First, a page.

Motivation is a photography blog that discusses the creative aspects of photography. The posts will include thoughts about images and their interpretation, photographers and their work, technique, workflow, my ongoing projects, and perhaps even the occasional off topic rant.

Different Techniques; Different Aesthetics

The other day, I was showing a close friend of mine one of my pinhole camera images that I had recently taken. As I was doing so, he asked me an interesting question. He was interested in why, if I want to produce and show my best work, would I bother making images with a lensless camera which were clearly not going to be as sharp and free of distortion as images made with my expensive digital SLR? Indeed, a very interesting question.

There is no doubt that the pinhole images are not tack sharp (though the depth of field is infinite). They definitely ‘suffer’ from distortion and light falloff at the edges of the frame. With no viewfinder, composition tends to not be as perfect as one might like. And on top of it all, it takes time and expense to develop the film and scan the shots that one wants to keep. Why go to all that trouble? To be honest, I am not entirely sure why I do it.

Nonetheless, I do know several reasons why I am attracted to the modality, though, from a logical standpoint, I am not sure they completely ‘justify’ the time commitment. In the end, and as in most endeavors such as this, considerable weight has to be given to the fact that I just find it enjoyable.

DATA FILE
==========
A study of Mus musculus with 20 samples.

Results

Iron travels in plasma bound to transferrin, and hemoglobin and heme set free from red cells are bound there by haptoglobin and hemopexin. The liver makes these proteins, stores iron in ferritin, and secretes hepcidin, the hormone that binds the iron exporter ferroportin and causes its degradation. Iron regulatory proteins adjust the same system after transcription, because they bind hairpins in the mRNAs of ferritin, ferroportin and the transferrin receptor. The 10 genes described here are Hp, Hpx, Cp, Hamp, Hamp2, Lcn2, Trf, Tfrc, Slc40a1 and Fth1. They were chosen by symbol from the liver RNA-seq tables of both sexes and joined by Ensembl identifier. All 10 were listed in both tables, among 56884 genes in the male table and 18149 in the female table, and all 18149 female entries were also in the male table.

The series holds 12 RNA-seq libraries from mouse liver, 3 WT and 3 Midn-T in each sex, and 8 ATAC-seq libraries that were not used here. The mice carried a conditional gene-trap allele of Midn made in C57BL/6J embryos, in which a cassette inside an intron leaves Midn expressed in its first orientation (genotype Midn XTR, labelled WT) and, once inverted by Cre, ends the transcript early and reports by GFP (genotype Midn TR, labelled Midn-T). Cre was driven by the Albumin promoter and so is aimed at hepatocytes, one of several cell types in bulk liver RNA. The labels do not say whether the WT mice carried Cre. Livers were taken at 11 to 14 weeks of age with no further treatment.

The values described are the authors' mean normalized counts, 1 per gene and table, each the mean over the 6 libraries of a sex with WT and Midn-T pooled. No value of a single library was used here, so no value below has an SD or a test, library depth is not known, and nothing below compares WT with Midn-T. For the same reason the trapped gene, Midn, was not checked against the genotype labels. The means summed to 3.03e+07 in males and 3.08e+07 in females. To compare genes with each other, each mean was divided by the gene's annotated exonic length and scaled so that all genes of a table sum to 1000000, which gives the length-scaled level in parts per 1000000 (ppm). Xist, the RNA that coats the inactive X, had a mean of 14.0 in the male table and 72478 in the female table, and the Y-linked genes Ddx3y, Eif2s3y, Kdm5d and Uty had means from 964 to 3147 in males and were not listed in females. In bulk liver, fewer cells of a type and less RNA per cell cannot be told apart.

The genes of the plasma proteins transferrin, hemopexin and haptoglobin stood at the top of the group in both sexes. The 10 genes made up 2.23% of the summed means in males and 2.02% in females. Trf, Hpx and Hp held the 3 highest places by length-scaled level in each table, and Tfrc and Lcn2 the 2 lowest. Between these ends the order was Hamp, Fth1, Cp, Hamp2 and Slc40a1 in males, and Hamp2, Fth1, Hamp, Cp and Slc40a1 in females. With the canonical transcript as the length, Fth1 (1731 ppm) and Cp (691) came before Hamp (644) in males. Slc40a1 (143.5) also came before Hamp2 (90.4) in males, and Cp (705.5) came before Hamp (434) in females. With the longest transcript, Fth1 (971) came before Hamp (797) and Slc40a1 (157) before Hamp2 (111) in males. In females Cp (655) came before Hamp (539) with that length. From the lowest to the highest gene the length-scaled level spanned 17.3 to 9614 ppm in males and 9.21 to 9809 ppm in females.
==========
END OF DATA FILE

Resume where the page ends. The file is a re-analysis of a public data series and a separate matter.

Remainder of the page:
So what do I like about it?

There are always two sides to the same coin. While a pinhole image is not tack sharp, there is a beauty to the gentle softness that is inherent to this type of photograph. While the image does have distortion and light falloff at the edges, there is a uniqueness and timeless quality to that look that I find attractive.

Perhaps most importantly, pinhole photography is a medium unto itself and therefore can not and should not be compared to lens camera photography. It has its own unique look and aesthetic. Trying to compare sharpness and distortion between pinhole and lens cameras is akin, I think, to asking why one would paint with watercolors instead of the enhanced reality attainable with oils. They are different and each have their own aesthetic. An exceptional watercolor portrays a different ‘reality’ than an exceptional oil painting; neither can be deemed ‘better’ than the other.

Finally, when I started dabbling with pinhole imaging, I was feeling a bit ‘burnt out’ from the creative standpoint. After getting a bit involved with both pinhole and toy camera photography, I felt rather rejuvenated and once again excited about digital. So now, when I go out shooting, I often go both high and low tech, as the added weight of the pinhole camera and a few rolls of film is negligible.

As to the image that I had been showing my friend……it is a shot of Ohiopyle Falls in Ohiopyle State Park, which I have previously written about in my post entitled ‘Western Pennsylvania’s Secrets’.

The Power Of Ohiopyle Falls
Copyright Howard Grill

In this particular instance I far prefer the above pinhole image to the shot taken with my digital camera:

Copyright Howard Grill

By the way, if anyone should get the itch to try this type of imaging there are two wonderful and incredibly receptive on-line communities dedicated to ‘lo-fi photography’. They can be found at f295 and at the forums.

Addenda: Here is an interesting thread I ran across on the f295 forum entitled 'Why Pinhole? Why You? Why Now?' that deals with some of the issues I noted above.